Column: It takes a community to keep museum alive, growing

Published 12:00 am Saturday, April 26, 2003

“Hi, This is Kathy from the museum. We’re having a school tour on Wednesday, and we were wondering if you could help us out?&uot;

It takes a community to keep the museum alive and growing. The staff and more than 75 volunteers are involved in the many programs that we undertake, and maintaining a historical village is no small matter.

In 2002, volunteers spent more than 4,000 hours helping to make the Freeborn County Historical Musewn a better place. Maybe they guided school children through the village, or clipped obituaries from the newspapers, or planted herbs, or rebuilt a porch, or demonstrated how to embroider a dish towel, or provided any one of a multitude of skills. We simply would not exist without the volunteers.


Presently we have volunteers who: serve on the board of directors making tough decisions regarding the administration of the organization; help to raise funds to cover operating expenses; do genealogical and historical research; or plan events such as the fashion show, the melodrama, the World War II German POW program, the Eddie Cochran Weekend root beer float sale, Autumn in the Village, Voices From the Past, and the Christmas open house (and this planning includes working at the events).

Other volunteers coordinate school activities, programs, Discover History, summer camps, and children’s tours; fold newsletters; bake cookies; host on Saturday afternoons; paint village buildings; make phone calls during the membership drives; build displays; plant flowers; proof read library indexes; inventory clothing for packing in preservation boxes; shovel snow; mow the lawn; pull weeds; publicize events; repair anything that gets broken; demonstrate spinning or wood carving or driving the John Deere; spray preservative on logs; and help in many, many more ways.

Meanwhile the staff is sitting around twiddling their collective thumbs. I’M JOKING!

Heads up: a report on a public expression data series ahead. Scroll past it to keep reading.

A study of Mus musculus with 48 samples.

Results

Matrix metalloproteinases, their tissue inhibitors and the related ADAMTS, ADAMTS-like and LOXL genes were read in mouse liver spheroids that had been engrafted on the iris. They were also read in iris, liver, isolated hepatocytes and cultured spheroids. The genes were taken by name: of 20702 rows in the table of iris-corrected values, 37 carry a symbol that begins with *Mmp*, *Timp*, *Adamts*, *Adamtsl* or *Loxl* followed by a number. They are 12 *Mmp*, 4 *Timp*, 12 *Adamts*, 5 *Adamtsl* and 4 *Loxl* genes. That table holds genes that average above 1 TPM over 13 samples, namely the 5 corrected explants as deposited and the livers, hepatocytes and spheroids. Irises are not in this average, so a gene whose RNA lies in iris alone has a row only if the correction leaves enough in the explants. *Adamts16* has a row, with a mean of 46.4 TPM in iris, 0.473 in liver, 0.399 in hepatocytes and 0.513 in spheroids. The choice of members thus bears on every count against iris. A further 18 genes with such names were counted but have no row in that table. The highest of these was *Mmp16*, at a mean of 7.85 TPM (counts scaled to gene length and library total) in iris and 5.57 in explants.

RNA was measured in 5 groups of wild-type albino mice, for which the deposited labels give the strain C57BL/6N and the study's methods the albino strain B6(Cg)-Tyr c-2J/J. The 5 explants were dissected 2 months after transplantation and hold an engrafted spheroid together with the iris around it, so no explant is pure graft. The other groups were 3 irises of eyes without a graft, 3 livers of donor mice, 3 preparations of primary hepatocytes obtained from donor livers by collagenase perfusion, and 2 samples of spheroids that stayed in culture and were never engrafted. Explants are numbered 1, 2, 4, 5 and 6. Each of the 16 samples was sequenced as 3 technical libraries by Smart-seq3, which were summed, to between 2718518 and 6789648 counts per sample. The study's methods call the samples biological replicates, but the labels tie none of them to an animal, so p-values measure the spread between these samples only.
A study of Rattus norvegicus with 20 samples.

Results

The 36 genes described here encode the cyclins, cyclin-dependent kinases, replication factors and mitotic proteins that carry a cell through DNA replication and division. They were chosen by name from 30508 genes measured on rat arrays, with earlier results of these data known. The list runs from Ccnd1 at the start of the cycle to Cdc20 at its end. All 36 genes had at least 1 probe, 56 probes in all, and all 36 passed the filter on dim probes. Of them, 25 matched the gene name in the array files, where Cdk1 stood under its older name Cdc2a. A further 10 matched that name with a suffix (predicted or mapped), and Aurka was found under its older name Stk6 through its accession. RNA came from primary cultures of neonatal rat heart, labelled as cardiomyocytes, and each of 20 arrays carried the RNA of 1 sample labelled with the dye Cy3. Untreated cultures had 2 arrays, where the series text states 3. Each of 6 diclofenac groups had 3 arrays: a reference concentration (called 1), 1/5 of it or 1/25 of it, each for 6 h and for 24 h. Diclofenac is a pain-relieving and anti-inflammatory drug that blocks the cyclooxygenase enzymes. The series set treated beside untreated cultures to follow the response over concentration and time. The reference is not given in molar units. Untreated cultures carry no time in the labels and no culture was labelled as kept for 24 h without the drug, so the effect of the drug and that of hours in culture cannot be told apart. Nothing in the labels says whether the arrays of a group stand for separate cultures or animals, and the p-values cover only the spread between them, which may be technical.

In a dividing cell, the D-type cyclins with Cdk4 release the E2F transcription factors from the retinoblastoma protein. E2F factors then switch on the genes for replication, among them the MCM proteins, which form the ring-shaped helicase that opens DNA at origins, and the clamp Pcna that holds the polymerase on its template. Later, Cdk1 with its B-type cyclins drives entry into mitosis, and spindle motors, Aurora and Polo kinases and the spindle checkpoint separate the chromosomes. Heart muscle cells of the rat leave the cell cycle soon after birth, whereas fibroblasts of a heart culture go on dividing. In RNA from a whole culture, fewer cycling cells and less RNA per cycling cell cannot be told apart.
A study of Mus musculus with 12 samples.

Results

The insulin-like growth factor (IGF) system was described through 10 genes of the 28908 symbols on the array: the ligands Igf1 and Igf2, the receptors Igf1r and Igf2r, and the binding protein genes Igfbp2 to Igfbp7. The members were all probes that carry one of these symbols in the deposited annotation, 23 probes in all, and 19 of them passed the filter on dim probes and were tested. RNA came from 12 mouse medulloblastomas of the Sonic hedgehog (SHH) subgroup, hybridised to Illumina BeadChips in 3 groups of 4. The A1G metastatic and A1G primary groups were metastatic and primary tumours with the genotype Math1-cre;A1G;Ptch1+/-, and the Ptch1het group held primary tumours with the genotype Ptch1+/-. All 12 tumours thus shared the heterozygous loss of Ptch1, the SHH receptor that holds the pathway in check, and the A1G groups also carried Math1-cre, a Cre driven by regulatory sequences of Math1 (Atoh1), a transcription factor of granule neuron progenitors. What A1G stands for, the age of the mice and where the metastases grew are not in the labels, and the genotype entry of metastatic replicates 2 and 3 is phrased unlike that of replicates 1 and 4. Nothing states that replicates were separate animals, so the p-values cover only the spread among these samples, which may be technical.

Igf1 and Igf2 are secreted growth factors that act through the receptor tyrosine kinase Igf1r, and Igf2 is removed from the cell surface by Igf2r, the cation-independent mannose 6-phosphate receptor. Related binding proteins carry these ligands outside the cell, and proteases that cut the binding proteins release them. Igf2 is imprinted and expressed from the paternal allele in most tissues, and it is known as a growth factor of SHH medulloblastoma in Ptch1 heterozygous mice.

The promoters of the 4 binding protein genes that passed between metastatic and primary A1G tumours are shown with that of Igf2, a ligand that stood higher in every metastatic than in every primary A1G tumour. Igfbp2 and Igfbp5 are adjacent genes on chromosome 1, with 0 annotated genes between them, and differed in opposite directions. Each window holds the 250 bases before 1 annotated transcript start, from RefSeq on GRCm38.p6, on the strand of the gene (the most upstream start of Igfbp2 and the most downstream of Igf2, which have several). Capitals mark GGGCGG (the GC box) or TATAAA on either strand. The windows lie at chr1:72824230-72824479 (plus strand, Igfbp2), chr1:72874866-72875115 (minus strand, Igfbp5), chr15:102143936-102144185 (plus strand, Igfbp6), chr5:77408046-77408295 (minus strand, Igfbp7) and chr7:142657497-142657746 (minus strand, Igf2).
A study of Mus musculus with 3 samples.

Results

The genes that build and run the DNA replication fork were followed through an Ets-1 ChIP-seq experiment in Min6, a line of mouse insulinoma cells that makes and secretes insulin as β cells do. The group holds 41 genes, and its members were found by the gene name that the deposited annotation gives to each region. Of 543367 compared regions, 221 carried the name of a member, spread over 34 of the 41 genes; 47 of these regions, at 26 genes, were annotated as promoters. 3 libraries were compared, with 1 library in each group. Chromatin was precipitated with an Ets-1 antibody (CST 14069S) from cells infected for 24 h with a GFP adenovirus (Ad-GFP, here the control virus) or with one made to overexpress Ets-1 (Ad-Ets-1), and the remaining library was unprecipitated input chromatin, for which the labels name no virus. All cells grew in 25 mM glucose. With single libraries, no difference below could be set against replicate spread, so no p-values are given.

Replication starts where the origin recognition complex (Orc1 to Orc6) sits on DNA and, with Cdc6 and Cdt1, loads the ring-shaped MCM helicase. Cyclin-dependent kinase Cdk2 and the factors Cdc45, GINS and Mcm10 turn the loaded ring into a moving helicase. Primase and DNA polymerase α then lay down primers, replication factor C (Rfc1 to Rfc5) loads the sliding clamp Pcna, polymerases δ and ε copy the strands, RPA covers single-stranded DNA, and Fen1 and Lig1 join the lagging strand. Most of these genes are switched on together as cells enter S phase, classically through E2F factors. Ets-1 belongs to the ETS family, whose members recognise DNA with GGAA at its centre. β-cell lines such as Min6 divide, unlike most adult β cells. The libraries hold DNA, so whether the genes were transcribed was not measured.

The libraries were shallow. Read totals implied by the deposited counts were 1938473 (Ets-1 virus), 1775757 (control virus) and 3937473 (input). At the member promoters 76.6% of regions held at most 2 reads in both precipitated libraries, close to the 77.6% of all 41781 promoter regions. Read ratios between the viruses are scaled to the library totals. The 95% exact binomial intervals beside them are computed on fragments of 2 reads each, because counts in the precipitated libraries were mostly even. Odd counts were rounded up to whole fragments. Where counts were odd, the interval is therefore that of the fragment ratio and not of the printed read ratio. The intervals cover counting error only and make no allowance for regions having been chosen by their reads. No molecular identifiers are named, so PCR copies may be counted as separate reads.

The small museum staff also deserves a great deal of thanks for working under conditions that are less than ideal.

The archives and clothing storage areas are so crowded that each time I go in there, I am reminded of a comment made by Robert Myers, for many years the Albert Lea High School music director. All of the choruses were to be on the stage for the Christmas concert finale, and he told us that some of us would be suspended from the ceiling on hooks. While we knew he was not serious, it did seem like a good idea, and we could certainly use that same theory at the museum.

Linda Evenson, librarian, works wonders with the shelving and outdated equipment that is in the library/archive area.

Kathy Freese, administrative assistant, can produce a beautiful brochure or poster using only her computer skills and our 13-year-old copy machine, and Kathy Mandt, office assistant, spends hours this time of the year cheerfully matching volunteers with duties. There are times when Shirley Hamer and Richard Aarback, the museum and village custodial and collections care staff, wonder just how much longer the old vacuum cleaner will hold out and question how all of the village buildings will be ready for the May tours. Dawn Rozinka is the much appreciated Saturday receptionist from May through September. And I am truly privileged to be working with all of the people in this historical community.

If you have some free time and an interest in helping out, please give us a call at 373-8003. We would be happy to send you a volunteer brochure or to visit with you about all of the museum happenings. And I need to add, none of this would be happening if it weren’t for the membership income and donations provided by our supporters. Freeborn County residents and former residents all help to keep the doors open.

I had stated earlier that I didn’t know how to thank all of the people who share their time and skills and financial support to make the museum a viable part of our community, a museum that reaches out nationwide with its services. Maybe the thank you note that we received recently from an elementary student says it best.

“Dear Pioneer Park Guides,

&uot;Thank you for sowing us what it was like in pioneer days. I liked the jail and school. That was nice of you to sowe us the museum. I have never went to a museum with nice pople. I love the museum.

&uot;Your sened graed fanid, Julie”\

Bev Jackson is the executive director of the Freeborn County Historical Museum.